A River Runs Through is a cinematographically stunning true story of Norman Maclean. The story follows Norman and his brother Paul through the experiences of life and growing up, and how their love of fly fishing keeps them together despite varying life circumstances in the untamed west of Montana in the 1920's.
Robert Redford's film meander's, occasionally loses it's way, at times gives you what you need and at times leaves you dry. Taken as a whole though it is a GORGEOUS film (shot by legend Philippe Rousselot), with some good performances, some beautiful lessons about life and the simple but penetrating words of author Norman Maclean. Toss in a flexible and intoxicating score by Mark Isham and I can't imagine a more well crafted and enveloping public service announcement about fishing.
Review In A Nutshell:
Robert Redford, an acting legend and a well-respected player in the directing community. This would mark as the first film I have ever seen from the director and I must say I was impressed. I watched this film, finding myself slightly wandering due to the saddening and horrifying situation currently happening in my local city at the moment, but I was still able to appreciate aspects well beyond the film's story.
The performances in this film were effective, demonstrating effective and touching chemistry between its two leads, Brad Pitt and Craig Sheffer, elevating the film's sense of drama.
Redford's direction was also notable with its light and dramatic touch, without reaching for lengths of manipulation or…
Review: A River Runs Through It (1992)
Robert Redford's 1992 adaptation of author Norman Maclean's "A River Runs Through It" is indeed a unique and unconventional film experience, since it has both no "discernible" plot in the sense that one can't adequately condense it into a line or two and also because its pace is very slow (even though it's only 2 hours, there are moments when it feels even longer and outstretched).
Even so, it's also a rewarding one. A River Runs Through It has several things in its favor: the consummate direction and narration of Robert Redford, the lush and creative cinematography of Philippe Rousselot that does justice to the vast yet quiet setting, the lyrical score of…
Rejected sequel ideas: A River Death Runs Through It
Robert Redford has always been a passionate curator of nostalgic Americana, but he brings a particularly elegiac edge to A River Runs Through It, his adaptation of Norman Maclean’s autobiography of the same name. Set in the Rocky Mountains in the early twentieth century, it’s about a pair of brothers – Norman (Craig Sheffer) and Paul (Brad Pitt) – who come of age against the kind of landscapes that Aaron Copland might have dreamed of, vistas and visions that set out to rival the greatest canvases of American Romanticism. Like Maclean’s writing, it’s textural, rather than expository, a series of impressionistic incidents anchored in Norman and Paul’s love of fly-fishing, which they get from their father (Tom Skeritt), a Presbyterian…
Robert Redford, o diretor, deu a A River Runs Through It aquele toque simples e quase infalível para esse tipo de história. Nada melhor que citar as palavras do Roger Ebert:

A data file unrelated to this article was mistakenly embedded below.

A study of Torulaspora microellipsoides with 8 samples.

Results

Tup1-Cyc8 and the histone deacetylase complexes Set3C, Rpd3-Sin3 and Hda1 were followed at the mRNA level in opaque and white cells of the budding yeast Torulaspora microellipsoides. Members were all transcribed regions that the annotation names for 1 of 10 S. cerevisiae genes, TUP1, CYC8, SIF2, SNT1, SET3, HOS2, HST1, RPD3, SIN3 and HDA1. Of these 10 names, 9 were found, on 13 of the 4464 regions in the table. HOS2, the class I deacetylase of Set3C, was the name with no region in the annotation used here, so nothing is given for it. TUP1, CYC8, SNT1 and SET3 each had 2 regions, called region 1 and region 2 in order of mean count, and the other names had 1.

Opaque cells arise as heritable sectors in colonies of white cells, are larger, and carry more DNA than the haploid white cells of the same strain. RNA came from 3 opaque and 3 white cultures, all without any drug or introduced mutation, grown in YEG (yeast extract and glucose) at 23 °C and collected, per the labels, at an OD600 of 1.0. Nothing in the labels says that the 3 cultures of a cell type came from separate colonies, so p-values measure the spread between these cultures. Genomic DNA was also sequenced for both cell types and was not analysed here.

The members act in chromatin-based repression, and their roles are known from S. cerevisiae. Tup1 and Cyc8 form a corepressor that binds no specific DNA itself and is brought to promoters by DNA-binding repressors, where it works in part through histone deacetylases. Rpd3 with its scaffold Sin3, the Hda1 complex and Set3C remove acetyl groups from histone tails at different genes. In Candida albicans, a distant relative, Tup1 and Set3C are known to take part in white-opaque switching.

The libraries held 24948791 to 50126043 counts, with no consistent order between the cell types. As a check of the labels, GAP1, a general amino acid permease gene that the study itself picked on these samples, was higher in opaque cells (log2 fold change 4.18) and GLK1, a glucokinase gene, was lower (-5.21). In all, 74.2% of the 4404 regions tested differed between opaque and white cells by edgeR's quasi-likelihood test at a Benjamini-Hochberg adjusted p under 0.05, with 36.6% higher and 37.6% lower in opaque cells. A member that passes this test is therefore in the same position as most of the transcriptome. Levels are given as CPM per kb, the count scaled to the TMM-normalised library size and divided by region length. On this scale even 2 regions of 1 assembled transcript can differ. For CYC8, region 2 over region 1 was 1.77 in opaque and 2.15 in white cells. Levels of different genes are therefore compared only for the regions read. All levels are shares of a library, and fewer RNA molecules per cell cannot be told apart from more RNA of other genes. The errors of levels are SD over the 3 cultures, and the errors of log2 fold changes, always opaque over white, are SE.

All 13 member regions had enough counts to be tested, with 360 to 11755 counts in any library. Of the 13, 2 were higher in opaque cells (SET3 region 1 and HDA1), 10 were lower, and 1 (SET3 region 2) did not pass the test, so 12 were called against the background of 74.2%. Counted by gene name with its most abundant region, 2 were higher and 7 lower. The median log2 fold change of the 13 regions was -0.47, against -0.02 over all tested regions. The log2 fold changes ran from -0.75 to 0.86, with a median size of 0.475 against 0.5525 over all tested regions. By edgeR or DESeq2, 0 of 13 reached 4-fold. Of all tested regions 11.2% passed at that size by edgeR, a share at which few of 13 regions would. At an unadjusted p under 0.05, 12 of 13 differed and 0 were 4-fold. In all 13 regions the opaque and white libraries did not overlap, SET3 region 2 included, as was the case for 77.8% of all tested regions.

“A River Runs Throught It... é sobre as tentativas de um pai de passar para seus filhos os princípios fundamentais de sua vida. Mas é mais que isso. É também como um de seus filhos se lembra daquelas lições anos depois…”
Traditional, but goodness, this film is super homey. Also, I love a movie that can accurately capture the beauty of nature, without relying on nature-porn photography. It's a beautifully done film that is groundbreaking in absolutely no ways.
This is one of a few films that touches me so deep. I can sit here and attempt to write an eloquent review about what it is that I love about this movie and but, sometimes less is more. That being said, I leave you with the below monologue:
"Each one of us here today will at one time in our lives look upon a loved one who is in need and ask the same question: We are willing help, Lord, but what, if anything, is needed? For it is true, we can seldom help those closest to us. Either we don't know what part of ourselves to give or, more often than not, the part we have to give is not wanted. And so it is those we live with and should know who elude us. But we can still love them - we can love completely without complete understanding."
Its about fishing and I honestly didn't get it at all. Maybe I'll watch it again one day.
What is the it that the river is running through, exactly? Family? Brotherhood? Sporadic conflicts that exist in 20-minute intervals before slipping away?
There's not enough adaptation away from the novella to make the movie necessary.
Redford has become a serenely confident director; through his love and understanding of actors, he can bring the emotions of a scene bobbing to the surface with "A River Runs Through It" immerses us in an old-time America where the bonds of community held sin in check
The movie, however, begins to suggest that Paul is in deep trouble. And if that’s true, we need to see a few scenes from his point of view. Instead, we take in everything through the eyes of the quiet, slightly sullen Norman. It’s easy to feel that the more arresting tale is happening off screen
the novella was better
This is a true American classic. It's got great cinematography, well-drawn characters, and provocative themes. A River Runs Through It is one of my favorite movies of the 1990s and I highly recommended it!
Quiet times while fishing, not so much on the dry land. It survives the second and even the third watching, so not bad considering.
Loses steam fairly often but remains a very interesting, beautiful story full of heart and great cinematography.
[after his parents have left, thinking he is ill] "They bought it. Incredible! One of the worst performances of my…
Every film that has ever been nominated for an Academy Award in any category. Enjoy!